Three Generations of Devotion to Saint Jude helps Olympic Marathoner Bring Home Bronze

Three Generations of Devotion to Saint Jude helps Olympic Marathoner Bring Home Bronze

For Olympian Molly Seidel, faith in God and the patron saint of Hopeless Cases has always played a role in running.

Molly first ran track through her local parish, Saint Joan of Arc in Nashotah, Wisconsin.

“She’ll make the Sign of the Cross and take about 15, 20 seconds […] that’s her time with God and it’s a great thing to see,” her childhood coach, Brian Borkowski, told the Catholic Herald back in 2012.

Molly credits her grandmother with instilling the virtue of faith and introducing her to her patron saint. “My grandma was super religious,” Molly told the Herald, saying that she taught her the value of “praying to Saint Jude […] if something’s not going right.”

Fast forward to 2021—a historic Olympics held without onlookers in the midst of a global pandemic. Molly, now a US Olympian, is running only the third marathon of her career.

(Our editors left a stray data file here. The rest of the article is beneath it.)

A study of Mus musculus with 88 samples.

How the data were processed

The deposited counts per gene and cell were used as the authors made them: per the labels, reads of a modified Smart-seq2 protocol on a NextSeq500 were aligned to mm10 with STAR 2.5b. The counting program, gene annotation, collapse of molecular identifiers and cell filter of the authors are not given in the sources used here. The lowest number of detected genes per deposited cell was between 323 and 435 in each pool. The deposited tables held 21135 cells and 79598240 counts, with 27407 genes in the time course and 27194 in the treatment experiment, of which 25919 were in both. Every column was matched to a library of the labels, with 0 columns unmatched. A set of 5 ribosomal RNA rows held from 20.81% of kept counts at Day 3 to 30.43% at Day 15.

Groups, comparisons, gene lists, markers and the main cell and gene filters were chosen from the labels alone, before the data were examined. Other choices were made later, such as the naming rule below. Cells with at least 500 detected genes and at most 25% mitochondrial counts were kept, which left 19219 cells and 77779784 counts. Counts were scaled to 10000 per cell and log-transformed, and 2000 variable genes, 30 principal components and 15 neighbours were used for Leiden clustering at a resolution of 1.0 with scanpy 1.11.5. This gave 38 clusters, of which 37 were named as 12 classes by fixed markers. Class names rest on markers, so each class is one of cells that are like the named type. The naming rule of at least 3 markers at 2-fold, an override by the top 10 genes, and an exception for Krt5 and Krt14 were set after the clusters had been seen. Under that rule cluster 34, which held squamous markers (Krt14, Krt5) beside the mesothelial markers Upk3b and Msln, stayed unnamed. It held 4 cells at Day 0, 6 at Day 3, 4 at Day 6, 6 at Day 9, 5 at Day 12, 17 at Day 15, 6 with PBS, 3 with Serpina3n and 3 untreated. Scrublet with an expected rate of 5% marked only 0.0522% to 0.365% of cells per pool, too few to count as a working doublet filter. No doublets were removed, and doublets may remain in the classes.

“With about four miles to go of that race, when I was sitting right around that fourth, third place, and I didn’t know whether or not I was going to medal, it was getting really, really tough,” Molly told Today.

Fortunately another woman of faith, Molly’s mother, texted her a prayer to Saint Jude just before the race. The prayer came from the grotto at Notre Dame where Molly was a distance runner and won first place in the 5K at the Iowa State Classic.

“I just started mouthing it to myself and was just hoping and praying that I’d be able to keep pushing through to the finish line and come away with a medal,” Molly told Today.

The Patron Saint of Hope pulled through. With the help of Saint Jude, a devotion handed down by her mother and grandmother, Molly became the first American woman to win an Olympic medal for the marathon since 2004.